Roughly half of all adults in the Uk have received one dose of a Covid-19 jab, with the Government planning to have vaccinated every adult by the end of July 2021.
As England begins to reopen after many months in lockdown, a very 2021 question on many people’s lips is whether or not you can safely enjoy a pint – or any alcoholic tipple – before or after receiving a Covid-19 jab.
Am I allowed to drink alcohol before or after having my Covid vaccine?
Whilst adults in Russia have been told not to drink alcohol following the receipt of the Sputnik vaccine, no official advice or guidance has been given by the UK Government or the NHS on whether or not you can drink around having your vaccination.
However, the Medicines and Healthcare Products Regulatory Agency (MHRA) – the body that approved both the AstraZeneca/Oxford vaccine and the Pfizer/Moderna vaccine for use – has stated that “there is currently no evidence that drinking alcohol interferes with the efficacy of the Covid-19 vaccines. We would advise anyone concerned about this to talk to their healthcare professional.”
So essentially, there is currently no reason to believe that drinking alcohol hampers the way with the vaccination.
The independent medical advisory panel for Drinkaware – the alcohol advice charity – has also offered advice on alcohol and the Covid-19 vaccine, urging everybody to get the vaccine when invited to, regardless of whether or not they drink. They do also raise the possible benefits of not drinking alcohol before and after being vaccinated.
The panel’s chair, Dr Fiona Sim says: “First and foremost, we urge you to listen to the advice to stay at home as much as possible, to stop the spread of the virus.
“Then, we encourage you very strongly to get vaccinated if you are offered a Covid-19 jab, regardless of whether you ever drink alcohol.”
While there is no published data about the specific effects of alcohol on the human body’s response to the Covid-19 vaccination, there is some evidence that drinking alcohol, especially regular heavy drinking, could interfere with your body’s ability to build immunity in response to some vaccines.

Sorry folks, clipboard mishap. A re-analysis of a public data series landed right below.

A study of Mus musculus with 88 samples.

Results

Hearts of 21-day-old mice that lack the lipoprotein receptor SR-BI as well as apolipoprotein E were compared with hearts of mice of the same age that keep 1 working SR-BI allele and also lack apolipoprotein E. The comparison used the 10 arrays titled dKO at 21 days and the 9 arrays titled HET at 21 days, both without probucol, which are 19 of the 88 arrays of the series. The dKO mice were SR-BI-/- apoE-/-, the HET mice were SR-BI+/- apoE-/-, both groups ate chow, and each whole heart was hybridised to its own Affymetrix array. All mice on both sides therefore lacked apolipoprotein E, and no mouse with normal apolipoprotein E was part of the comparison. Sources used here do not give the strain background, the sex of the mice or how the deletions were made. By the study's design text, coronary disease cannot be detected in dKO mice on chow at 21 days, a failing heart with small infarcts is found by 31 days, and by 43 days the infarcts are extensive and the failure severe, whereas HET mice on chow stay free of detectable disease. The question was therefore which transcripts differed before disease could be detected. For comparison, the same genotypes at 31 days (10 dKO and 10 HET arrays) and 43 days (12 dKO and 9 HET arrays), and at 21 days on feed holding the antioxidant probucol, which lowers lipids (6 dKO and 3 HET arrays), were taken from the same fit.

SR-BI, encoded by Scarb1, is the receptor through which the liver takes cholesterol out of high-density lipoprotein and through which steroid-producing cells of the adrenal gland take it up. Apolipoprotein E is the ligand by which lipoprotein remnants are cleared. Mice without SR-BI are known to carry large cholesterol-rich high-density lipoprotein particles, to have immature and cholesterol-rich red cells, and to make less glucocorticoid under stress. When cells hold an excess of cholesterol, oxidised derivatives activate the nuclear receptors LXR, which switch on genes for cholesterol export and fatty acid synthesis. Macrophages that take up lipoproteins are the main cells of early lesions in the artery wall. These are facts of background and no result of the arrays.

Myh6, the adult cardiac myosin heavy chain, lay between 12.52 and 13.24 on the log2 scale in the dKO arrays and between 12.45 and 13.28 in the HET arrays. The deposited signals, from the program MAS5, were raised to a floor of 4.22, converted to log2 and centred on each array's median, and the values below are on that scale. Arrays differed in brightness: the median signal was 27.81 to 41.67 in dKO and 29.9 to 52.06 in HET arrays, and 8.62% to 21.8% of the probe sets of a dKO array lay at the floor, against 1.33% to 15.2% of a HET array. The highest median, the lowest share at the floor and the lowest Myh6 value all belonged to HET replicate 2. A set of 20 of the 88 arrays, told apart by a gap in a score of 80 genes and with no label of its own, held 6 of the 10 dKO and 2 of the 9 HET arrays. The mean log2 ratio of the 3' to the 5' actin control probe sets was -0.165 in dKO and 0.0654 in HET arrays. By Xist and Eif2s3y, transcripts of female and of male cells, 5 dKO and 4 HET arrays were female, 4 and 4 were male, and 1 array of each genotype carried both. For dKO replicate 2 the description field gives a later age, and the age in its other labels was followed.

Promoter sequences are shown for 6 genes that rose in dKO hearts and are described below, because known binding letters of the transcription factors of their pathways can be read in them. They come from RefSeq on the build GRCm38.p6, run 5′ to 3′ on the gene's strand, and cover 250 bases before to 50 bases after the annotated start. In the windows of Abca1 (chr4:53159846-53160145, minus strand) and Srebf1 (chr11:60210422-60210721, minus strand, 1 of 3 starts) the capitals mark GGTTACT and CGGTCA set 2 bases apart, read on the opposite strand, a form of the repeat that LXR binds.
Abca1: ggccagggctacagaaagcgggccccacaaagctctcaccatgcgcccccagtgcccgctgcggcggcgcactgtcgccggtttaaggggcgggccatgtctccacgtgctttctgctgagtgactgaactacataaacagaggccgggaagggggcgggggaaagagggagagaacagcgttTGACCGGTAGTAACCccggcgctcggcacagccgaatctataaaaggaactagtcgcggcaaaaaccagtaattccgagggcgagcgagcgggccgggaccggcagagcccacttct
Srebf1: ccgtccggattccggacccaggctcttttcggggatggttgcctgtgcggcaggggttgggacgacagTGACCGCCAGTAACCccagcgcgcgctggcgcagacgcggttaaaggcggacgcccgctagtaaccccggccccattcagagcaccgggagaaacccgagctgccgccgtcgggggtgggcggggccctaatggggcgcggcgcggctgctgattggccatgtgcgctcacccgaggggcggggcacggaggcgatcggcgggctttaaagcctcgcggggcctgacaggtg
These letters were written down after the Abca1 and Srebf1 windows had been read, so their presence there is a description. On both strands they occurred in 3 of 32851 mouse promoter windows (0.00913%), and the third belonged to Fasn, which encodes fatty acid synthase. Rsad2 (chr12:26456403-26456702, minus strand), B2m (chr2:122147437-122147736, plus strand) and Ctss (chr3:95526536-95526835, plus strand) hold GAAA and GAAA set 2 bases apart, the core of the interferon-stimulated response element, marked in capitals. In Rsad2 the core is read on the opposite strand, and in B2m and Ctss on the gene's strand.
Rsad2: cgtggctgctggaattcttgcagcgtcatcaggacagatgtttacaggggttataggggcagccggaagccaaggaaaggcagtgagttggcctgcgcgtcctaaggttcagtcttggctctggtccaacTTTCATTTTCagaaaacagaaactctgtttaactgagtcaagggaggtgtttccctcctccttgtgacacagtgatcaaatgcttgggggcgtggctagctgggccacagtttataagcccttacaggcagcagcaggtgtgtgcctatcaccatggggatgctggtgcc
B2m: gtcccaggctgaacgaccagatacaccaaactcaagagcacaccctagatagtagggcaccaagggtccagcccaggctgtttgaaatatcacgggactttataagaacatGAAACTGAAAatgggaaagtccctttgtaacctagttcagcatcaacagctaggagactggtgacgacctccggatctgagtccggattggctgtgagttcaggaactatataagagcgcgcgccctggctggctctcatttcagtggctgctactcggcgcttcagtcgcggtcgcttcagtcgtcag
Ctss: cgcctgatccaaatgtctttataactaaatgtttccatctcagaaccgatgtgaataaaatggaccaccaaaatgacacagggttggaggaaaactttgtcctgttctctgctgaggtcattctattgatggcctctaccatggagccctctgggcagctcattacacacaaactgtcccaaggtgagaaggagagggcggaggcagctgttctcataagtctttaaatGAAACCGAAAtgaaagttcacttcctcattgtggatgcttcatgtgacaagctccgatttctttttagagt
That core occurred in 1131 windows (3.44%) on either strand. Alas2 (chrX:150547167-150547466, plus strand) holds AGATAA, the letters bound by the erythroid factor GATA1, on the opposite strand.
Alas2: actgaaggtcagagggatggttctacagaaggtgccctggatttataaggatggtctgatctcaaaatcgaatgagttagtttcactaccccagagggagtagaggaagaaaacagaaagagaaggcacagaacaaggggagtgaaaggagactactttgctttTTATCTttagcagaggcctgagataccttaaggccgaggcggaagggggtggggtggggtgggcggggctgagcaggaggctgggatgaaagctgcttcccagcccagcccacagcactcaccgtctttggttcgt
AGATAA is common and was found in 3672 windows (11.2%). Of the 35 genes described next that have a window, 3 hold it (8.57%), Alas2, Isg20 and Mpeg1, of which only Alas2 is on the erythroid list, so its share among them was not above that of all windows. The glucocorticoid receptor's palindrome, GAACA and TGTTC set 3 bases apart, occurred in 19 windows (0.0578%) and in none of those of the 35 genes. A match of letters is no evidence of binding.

Dr Sim continues: “We are very keen to stress how important it is for you to get vaccinated. We do know that since the onset of the pandemic last year, between one fifth and one-third of people have been drinking more than they do usually.
“So, as far as alcohol is concerned, we advise that you consider not drinking for two days before, and up to two weeks after you’ve been vaccinated, to try to ensure your immune system is at its best to respond to the vaccine and protect you. But it’s really important to know that, even if you do drink, you’ll still benefit from having the jab, so please don’t turn it down.
“If you are a regular heavy drinker, the risks to you of becoming seriously ill if you do contract Covid-19 are particularly high, so please keep your appointment for vaccination if you are offered one.
Finally, both vaccines are considered to cause side effects in 1 in 10 people – these are all considered safe and should not be seen as a deterrent for getting the vaccine. The most common include a sore arm, fatigue, a headache, muscle and joint pain, and a fever. These symptoms aren’t too dissimilar to a hangover, and may not be helped by the consumption of alcohol, so it is worth keeping in mind the possibility of some side effects when picking out your celebratory beverage.